Compare any two graphics cards:
Radeon HD 6950 vs Radeon HD 7750
IntroThe Radeon HD 6950 makes use of a 40 nm design. AMD has clocked the core speed at 800 MHz. The GDDR5 memory runs at a frequency of 1250 MHz on this particular model. It features 1408 SPUs along with 88 TAUs and 32 Rasterization Operator Units.
Compare those specs to the Radeon HD 7750, which comes with a GPU core clock speed of 800 MHz, and 1024 MB of GDDR5 RAM set to run at 1125 MHz through a 128-bit bus. It also is made up of 512 Stream Processors, 32 TAUs, and 16 Raster Operation Units.
(No game benchmarks for this combination yet.)
Power Usage and Theoretical Benchmarks
Power Consumption (Max TDP)
Performance-wise, the Radeon HD 6950 should theoretically be much superior to the Radeon HD 7750 in general. (explain)
Texel RateThe Radeon HD 6950 is a lot (more or less 175%) more effective at anisotropic filtering than the Radeon HD 7750. (explain)
Pixel RateThe Radeon HD 6950 should be quite a bit (approximately 100%) better at AA than the Radeon HD 7750, and also should be capable of handling higher resolutions without losing too much performance. (explain)
Please note that the above 'benchmarks' are all just theoretical - the results were calculated based on the card's specifications, and real-world performance may (and probably will) vary at least a bit.
Please note that the price comparisons are based on search keywords - sometimes it might show cards with very similar names that are not exactly the same as the one chosen in the comparison. We do try to filter out the wrong results as best we can, though.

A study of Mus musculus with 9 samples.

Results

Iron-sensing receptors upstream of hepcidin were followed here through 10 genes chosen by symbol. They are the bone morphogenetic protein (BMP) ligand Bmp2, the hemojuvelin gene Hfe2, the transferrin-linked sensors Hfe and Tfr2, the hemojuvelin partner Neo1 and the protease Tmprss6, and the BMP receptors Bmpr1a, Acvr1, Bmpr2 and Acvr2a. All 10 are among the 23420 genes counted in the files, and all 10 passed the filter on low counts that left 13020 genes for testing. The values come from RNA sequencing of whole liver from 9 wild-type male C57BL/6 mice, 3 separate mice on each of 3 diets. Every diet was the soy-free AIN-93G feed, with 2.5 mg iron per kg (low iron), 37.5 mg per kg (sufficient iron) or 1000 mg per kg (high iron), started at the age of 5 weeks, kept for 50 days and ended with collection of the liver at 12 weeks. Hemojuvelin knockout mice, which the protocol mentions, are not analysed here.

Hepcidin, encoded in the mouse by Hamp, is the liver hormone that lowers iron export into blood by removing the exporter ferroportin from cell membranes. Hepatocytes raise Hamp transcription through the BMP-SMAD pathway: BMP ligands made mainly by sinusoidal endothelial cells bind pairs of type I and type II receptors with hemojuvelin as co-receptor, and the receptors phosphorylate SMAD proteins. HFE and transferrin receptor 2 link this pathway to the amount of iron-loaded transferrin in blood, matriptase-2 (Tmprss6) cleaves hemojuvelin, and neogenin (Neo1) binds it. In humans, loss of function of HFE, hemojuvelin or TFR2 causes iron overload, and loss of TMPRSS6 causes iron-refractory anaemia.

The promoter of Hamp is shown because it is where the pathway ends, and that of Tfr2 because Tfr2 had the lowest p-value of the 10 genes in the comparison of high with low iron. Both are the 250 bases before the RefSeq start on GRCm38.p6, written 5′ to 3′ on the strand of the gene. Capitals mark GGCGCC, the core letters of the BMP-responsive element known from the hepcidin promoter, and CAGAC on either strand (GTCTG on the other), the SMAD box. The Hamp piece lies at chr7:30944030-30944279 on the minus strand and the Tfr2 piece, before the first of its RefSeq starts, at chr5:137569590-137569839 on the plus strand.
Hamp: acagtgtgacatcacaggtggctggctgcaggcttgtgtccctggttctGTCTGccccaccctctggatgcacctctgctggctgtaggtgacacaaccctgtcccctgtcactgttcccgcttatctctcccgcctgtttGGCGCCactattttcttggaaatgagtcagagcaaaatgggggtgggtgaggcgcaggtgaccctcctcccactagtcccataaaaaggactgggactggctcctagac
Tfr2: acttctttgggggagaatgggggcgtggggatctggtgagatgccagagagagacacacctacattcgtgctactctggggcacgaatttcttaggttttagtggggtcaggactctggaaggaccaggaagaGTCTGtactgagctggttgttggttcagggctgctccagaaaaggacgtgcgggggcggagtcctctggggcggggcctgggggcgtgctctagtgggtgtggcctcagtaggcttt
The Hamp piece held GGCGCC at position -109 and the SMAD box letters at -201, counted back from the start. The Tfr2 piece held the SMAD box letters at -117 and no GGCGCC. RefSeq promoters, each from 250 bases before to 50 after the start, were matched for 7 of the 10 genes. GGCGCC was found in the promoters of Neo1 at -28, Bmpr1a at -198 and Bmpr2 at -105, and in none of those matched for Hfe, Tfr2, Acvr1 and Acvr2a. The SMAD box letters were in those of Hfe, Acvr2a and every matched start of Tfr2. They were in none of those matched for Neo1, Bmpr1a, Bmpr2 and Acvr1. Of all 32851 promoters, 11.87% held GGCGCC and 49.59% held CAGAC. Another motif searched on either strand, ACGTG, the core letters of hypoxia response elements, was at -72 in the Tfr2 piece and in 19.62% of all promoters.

Memory Bandwidth: Memory bandwidth is the maximum amount of information (counted in megabytes per second) that can be transported over the external memory interface in one second. It's calculated by multiplying the interface width by the speed of its memory. In the case of DDR memory, it must be multiplied by 2 once again. If it uses DDR5, multiply by 4 instead. The better the bandwidth is, the faster the card will be in general. It especially helps with anti-aliasing, HDR and higher screen resolutions.
Texel Rate: Texel rate is the maximum number of texture map elements (texels) that are processed per second. This is worked out by multiplying the total amount of texture units by the core clock speed of the chip. The higher this number, the better the graphics card will be at texture filtering (anisotropic filtering - AF). It is measured in millions of texels applied in one second.
Pixel Rate: Pixel rate is the maximum number of pixels that the graphics chip could possibly record to the local memory in a second - measured in millions of pixels per second. Pixel rate is calculated by multiplying the number of Render Output Units by the clock speed of the card. ROPs (Raster Operations Pipelines - aka Render Output Units) are responsible for drawing the pixels (image) on the screen. The actual pixel fill rate also depends on many other factors, most notably the memory bandwidth of the card - the lower the bandwidth is, the lower the potential to get to the max fill rate.